Many of us know the importance of estate planning, like making a will or establishing a trust, especially as we age. What many neglect, however, may be other critical estate planning documents, like a medical power of attorney.
Do you have a medical power of attorney? If you do not, or if it’s been several years or you’ve had some serious life changes since you last drafted one, it may be time to revisit this topic to ensure your wishes are protected if you cannot advocate for yourself.
What is a Medical Power of Attorney?
A Medical Power of Attorney (MPOA) is a legal document establishing another adult as your legal representative to make healthcare and medical treatment decisions on your behalf in the event you cannot.
For example, say you were in a car crash and injured your head. You’re in a coma and cannot make decisions about your medical care. Your MPOA can make medical decisions for you.
Your representative should be someone you know and trust – usually your spouse, but your adult children, a parent, or a trusted friend can also fulfill this role.
What is the Difference Between a Medical Power of Attorney and a Living Will?
Both of these legal documents give another person agency over your medical care. However, there are a couple of important differences between these documents:
- A living will – known as a Directive to Physicians – permits you to decide the use of life-sustaining treatments if you are terminal or have an irreversible condition, and you can list specific medical procedures you do or do not want.
- An MPOA, on the other hand, doesn’t list specific medical procedures you do or don’t want. Instead, it gives your representative more broad powers to handle your medical care.
Important Changes to Texas Law Regarding Medical Power of Attorney
The Texas legislature significantly changed the laws governing MPOAs in the Lone Star State. The most important change is the priority order of people authorized to make medical care decisions for someone who cannot communicate their treatment preferences.
The top priority is still your spouse. However, now, the second priority is the individual’s adult children. However, the changes to the law no longer permit a “majority rules” vote of adult children to determine the course of their parent’s medical care, nor is there a provision in place to determine the incapacitated adult’s decision-maker if the adult children cannot agree.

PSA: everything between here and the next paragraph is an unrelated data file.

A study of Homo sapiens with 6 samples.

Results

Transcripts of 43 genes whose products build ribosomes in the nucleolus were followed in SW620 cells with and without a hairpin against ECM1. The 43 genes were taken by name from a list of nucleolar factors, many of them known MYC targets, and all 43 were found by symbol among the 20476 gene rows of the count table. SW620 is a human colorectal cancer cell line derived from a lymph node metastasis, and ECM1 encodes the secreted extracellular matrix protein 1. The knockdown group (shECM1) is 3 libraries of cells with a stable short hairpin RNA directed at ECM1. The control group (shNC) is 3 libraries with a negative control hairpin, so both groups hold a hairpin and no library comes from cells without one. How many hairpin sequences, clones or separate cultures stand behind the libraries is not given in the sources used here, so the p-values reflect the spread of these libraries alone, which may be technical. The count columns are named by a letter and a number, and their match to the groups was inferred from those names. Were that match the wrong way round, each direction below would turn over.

Suppose a spouse and adult children are not available to make decisions for the incapacitated individual. In that case, the third priority for making decisions is the parents (with no provision if the parents disagree). The fourth priority is the individual’s next living relative — although there’s a chance that that relative could be so distant they don’t even know the individual exists, nor have any idea what would be best for them.
A final change: no clergy member (non-relative clergy member) can make decisions about the individual’s medical care if none of the priority decision-makers are available.
You can see how this could become contentious without your expressed wishes being known. If you are disabled or facing the end of life, your loved ones may be too emotional to think rationally about what is best for you. Creating the necessary legal documents helps minimize the risk of a contentious situation.
How Do I Establish a Medical Power of Attorney?
First, consider your close family members carefully. Who is close enough to you that you trust your medical care if you cannot advocate for yourself? Have you and your spouse talked about your wishes? Do you have adult children nearby who can support your choices?
Once you determine your choice of person for your legal representative, contact an experienced estate planning lawyer. They can explain how the recent changes to the Texas Health & Safety Code § 313.004(a) affect your choices and draft an MPOA compliant with the new laws.
Take Control of Your Future Today – Share Your MPOA Information and Stay Prepared
Be sure to alert your loved ones to the location of a copy of your new MPOA and the name of your attorney, should it be necessary to present it to the attending doctor. Finally, remember that if you have any major life changes, such as divorce or remarriage, you will want to revisit your MPOA.